These are soft, painless and noncancerous growths on the lining of the sinuses or nasal passages. It hang down like grapes or teardrops. They can happen from chronic inflammation due to drug sensitivity, allergies, recurring infection, asthma or certain immune disorders. When you have small nasal polyps, then they do not cause symptoms.
Groups of nasal polyps or larger polyps can block your nasal passages or they can lead to breathing problems, frequent infections and a lost sense of smell & it can affect all people, but most commonly they affect adults. Medications can be used to eliminate or shrink nasal polyps but in some cases, surgery is needed to remove them. Even after you had a successful treatment, nasal polyps can return.
It is known that nasal polyps are associated with an inflammation of the lining of the nasal passages and sinuses and they last more than 12 weeks (this is a chronic rhinosinusitis which is also called chronic sinusitis). But it is possible to have a chronic sinusitis without having nasal polyps. Nasal polyps are lack and soft sensation and they are small so you may not be aware that you have them. Large polyp or multiple growths can block your nasal passages and sinuses. The most common signs and symptoms of chronic sinusitis with nasal polyps include
- You can have a sense of pressure over your forehead and face
- Pain in your upper teeth
- Facial pain or headache
- Loss of sense of taste
- Decreased or absent sense of smell
- Postnasal drip
- Persistent stuffiness
- A runny nose
Scientists do not fully understand what the cause for nasal polyps is. It is not known why some people can develop chronic inflammation or why the ongoing inflammation triggers polyp formation in some people and not in others. The inflammation happens in the fluid – producing lining (called mucous membrane) of your nose and sinuses.
There are some evidences in which are said that people who develop nasal polyps have a different immune system response and different chemical markers in their mucous membranes compared to people who do not have nasal polyps. It can happen at any age, but they are most common in young and middle – aged adults. They can form anywhere in your nasal passages or sinuses but they appear most often in the area where sinuses are near your eyes, nose and check bones all drain through winding passages into your nose (known as ostiomeatal complex).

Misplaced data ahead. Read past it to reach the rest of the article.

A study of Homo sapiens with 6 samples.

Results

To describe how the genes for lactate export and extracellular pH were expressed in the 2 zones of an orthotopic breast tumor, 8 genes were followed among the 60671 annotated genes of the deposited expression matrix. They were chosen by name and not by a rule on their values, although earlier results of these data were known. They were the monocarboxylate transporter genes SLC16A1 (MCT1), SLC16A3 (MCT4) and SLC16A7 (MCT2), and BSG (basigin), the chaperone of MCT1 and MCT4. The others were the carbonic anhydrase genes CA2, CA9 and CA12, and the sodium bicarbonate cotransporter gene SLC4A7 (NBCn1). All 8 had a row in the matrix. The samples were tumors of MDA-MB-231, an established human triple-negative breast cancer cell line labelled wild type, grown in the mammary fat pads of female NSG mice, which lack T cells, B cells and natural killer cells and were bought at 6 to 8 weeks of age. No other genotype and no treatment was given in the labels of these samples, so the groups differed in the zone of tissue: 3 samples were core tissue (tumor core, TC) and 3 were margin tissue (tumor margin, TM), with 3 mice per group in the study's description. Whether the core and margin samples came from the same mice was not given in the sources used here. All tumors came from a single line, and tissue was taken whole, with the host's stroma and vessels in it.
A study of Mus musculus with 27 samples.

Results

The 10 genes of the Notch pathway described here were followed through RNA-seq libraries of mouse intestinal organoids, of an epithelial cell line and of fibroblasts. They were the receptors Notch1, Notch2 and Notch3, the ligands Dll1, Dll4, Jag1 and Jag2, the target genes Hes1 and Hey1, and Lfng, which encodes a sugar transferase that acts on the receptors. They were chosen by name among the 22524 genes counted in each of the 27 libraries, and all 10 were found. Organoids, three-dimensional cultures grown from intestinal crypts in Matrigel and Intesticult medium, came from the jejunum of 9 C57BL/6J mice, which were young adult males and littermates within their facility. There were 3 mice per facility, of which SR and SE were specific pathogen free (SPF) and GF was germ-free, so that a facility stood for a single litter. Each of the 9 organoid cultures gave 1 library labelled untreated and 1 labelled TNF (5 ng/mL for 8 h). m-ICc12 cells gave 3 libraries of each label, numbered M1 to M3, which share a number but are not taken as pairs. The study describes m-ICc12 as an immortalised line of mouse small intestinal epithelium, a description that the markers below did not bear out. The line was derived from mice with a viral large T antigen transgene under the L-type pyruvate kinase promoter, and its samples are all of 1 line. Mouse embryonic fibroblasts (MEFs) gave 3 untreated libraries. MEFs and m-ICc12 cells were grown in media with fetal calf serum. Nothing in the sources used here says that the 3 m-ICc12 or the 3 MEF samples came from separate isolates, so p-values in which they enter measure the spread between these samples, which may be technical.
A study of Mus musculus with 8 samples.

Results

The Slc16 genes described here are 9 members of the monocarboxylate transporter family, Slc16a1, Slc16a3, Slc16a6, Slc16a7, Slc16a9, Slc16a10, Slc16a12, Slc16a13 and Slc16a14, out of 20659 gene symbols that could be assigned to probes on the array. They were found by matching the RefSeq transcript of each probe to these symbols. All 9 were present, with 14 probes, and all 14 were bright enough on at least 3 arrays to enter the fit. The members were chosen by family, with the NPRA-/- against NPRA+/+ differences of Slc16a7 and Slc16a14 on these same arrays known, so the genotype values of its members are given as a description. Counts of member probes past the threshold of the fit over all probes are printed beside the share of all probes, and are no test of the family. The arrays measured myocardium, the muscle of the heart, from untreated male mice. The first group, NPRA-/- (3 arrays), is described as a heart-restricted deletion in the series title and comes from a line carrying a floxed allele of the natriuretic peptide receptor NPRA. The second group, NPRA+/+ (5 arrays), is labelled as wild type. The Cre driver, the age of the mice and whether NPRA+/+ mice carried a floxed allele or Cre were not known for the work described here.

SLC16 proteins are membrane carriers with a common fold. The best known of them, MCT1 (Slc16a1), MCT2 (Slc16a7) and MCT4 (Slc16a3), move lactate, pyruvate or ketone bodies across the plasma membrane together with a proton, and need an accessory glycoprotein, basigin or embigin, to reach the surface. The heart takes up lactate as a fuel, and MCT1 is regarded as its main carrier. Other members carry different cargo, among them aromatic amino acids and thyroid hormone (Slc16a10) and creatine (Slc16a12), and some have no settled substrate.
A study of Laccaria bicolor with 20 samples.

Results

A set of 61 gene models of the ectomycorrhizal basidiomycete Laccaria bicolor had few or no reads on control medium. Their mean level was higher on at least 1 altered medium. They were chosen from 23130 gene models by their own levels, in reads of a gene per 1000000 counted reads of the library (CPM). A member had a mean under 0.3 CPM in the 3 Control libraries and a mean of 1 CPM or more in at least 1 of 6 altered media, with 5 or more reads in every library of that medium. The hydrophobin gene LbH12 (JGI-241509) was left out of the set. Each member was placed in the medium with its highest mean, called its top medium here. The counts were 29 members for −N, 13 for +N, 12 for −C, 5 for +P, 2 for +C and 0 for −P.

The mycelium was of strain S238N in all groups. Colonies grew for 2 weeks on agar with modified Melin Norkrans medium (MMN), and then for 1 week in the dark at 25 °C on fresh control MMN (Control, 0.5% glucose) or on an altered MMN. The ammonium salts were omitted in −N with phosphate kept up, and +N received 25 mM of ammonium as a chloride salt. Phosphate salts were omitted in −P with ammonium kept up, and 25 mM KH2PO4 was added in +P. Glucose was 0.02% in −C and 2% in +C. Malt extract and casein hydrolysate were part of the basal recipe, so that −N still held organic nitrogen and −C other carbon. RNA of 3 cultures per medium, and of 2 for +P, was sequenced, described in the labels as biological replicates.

Any condition which can trigger the chronic inflammation in your nasal passages or sinuses, such as allergies or infections and they can increase your risk of developing nasal polyps. Here are some conditions which are associated with nasal polyps
- Churg – Strauss syndrome: This is a rare disease which is causing the inflammation of blood vessels.
- Cystic fibrosis: This is a genetic disorder which results in production and secretion of abnormally thick and sticky fluids, including thick mucus from the sinus and nasal membranes.
- Allergic fungal sinusitis: This is an allergy which is caused by airborne fungi.
- Aspirin sensitivity: This can increase the chances of some people to have nasal polyps.
- Asthma: This is a disease which is causing overall airway inflammation and constriction.
Also, the family history can play a role in it. There are some studies in which are said that certain genetic variations associated with immune system function can increase your chances of getting nasal polyps.
There are some cases when it can block the normal airflow and fluid drainage. Also, they can cause complications because they have chronic inflammation as their underlying condition. Here are some complications caused by nasal polyps
- Sinus infections: There are some cases when It can make you more susceptible to sinus infections which recur often or become chronic.
- Asthma flare – ups: It is known that the chronic rhinosinusitis can aggravate asthma.
- Obstructive sleep apnea: When you have this serious condition, then you stop and start breathing frequently during sleep.